December 1, 2023

I made a post in our Friends of Tipping Point Facebook community the other day that said, “It’s one thing to understand WHY they lie. It’s another thing to know WHAT to do about it.”

An image of text that reads, "It's one thing to understand why they lie, it's another thing to know what to do about it. www.TippingPointRecovery.com"

To which someone replied, “So what do you do about it?”

The answer is…it depends.

Which is a terrible answer, I know, but the truth is this is incredibly nuanced. It really does differ person to person, family to family.

That said, there are a few concrete suggestions I can give. Here they are:

1. Pause

Before you respond to the lie (or the manipulation, the stealing—whatever “addiction behavior” it is), take a moment to pause, breathe, and take inventory. There are a few important things for you to reflect on before you respond in order to create change.

2. Ask yourself, “How do I feel about their lying?”

Write down your answer.

There are two things happening alongside each other: 1) their lying and 2) your feelings about it. You may understand why they are lying. You may get that they can’t help it, their brain is hijacked, they have a compulsion to use that’s stronger than their love for you, which is all true.

But understanding it is different than how you feel about it.

So when you write down your answer, make sure you’re using feeling words. Words like crushed, manipulated, devastated, hurt, sad, disappointed, and disgusted. If you need help thinking of some (which is super common—we don’t use these words naturally), I suggest googling “list of feeling words” or “feeling wheel” to help you out.

This next step is super important.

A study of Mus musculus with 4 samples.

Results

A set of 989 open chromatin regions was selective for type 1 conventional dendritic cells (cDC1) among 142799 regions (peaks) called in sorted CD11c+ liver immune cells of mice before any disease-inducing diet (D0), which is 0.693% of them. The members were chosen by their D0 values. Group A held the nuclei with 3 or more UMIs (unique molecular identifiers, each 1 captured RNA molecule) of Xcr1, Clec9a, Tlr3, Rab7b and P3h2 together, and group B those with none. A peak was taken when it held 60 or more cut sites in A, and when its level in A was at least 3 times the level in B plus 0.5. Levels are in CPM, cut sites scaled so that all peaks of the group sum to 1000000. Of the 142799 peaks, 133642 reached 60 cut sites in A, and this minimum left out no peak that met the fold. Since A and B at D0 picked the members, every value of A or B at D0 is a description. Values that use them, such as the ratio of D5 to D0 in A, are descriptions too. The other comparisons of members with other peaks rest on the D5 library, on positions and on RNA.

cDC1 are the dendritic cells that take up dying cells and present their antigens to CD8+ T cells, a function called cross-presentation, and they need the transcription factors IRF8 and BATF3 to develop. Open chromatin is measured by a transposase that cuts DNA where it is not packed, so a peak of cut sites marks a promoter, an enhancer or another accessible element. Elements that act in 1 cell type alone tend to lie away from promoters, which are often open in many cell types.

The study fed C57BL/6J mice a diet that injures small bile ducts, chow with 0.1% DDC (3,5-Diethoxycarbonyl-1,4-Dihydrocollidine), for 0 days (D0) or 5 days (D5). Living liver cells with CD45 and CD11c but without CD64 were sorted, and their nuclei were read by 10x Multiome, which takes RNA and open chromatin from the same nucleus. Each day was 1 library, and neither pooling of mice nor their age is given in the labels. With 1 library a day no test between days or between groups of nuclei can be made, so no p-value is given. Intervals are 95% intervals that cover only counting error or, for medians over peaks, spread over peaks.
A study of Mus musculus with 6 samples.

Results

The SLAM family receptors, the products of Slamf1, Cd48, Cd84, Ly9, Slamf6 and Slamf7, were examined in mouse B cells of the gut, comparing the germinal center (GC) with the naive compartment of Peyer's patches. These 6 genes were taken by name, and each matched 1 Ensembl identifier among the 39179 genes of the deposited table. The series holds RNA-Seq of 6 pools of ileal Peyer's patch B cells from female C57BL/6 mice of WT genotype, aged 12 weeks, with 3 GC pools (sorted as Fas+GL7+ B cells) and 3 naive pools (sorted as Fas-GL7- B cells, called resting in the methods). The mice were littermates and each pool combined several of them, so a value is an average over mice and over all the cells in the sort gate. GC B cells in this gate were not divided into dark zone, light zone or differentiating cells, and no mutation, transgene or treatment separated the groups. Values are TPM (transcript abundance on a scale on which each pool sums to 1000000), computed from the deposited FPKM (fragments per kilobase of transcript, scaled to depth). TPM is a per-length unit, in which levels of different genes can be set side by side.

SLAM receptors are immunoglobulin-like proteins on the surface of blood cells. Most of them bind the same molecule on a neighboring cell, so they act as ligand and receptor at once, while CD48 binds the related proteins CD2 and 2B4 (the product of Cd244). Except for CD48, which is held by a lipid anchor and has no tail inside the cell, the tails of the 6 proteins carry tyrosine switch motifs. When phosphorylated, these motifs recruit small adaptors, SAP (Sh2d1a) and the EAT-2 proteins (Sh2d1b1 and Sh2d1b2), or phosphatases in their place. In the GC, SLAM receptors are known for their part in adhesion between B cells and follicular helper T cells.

3. How is the way you feel about their behavior causing you to think, act, and respond?

Maybe you’ve identified the way you feel about their lying is pissed off. How does you being pissed off cause you to think, act, and respond? Does it make you get defensive? Lash back? Snap at them? Confront them? Pull away? Try to get them to apologize or stop?

Once you have a clear idea of this, you can move on to the next step…

4. Is this a healthy way of interacting?

Is your response creating a connection or is it disconnecting? Disconnection is in the field of addiction; connection is in the field of recovery.

Are your thoughts, actions, and responses helpful or unhelpful? Helpful is leading you and them toward your respective recovery paths, which consists of self-awareness, self-reflection, healthy open communication, and tools and resources to be able to navigate difficult situations. Unhelpful would be feeding into the same cycle of chaos you’ve been stuck in.

YOU can break that cycle.

Once you take inventory of how you feel in this way, you can be intentional about how you respond, and you can start to respond in a new way.

P.S. Your loved one may not be happy about this change, because it means they (really their addiction) is no longer the one driving the bus. But remember, you’re learning how to respond to what they need, not what they want.

If you start to practice these steps and want to take it further, I want to support you. You can always post in our Friends of Tipping Point Facebook community, where I’m happy to help, or you can book 1-1 time with me if you want to to take a closer look.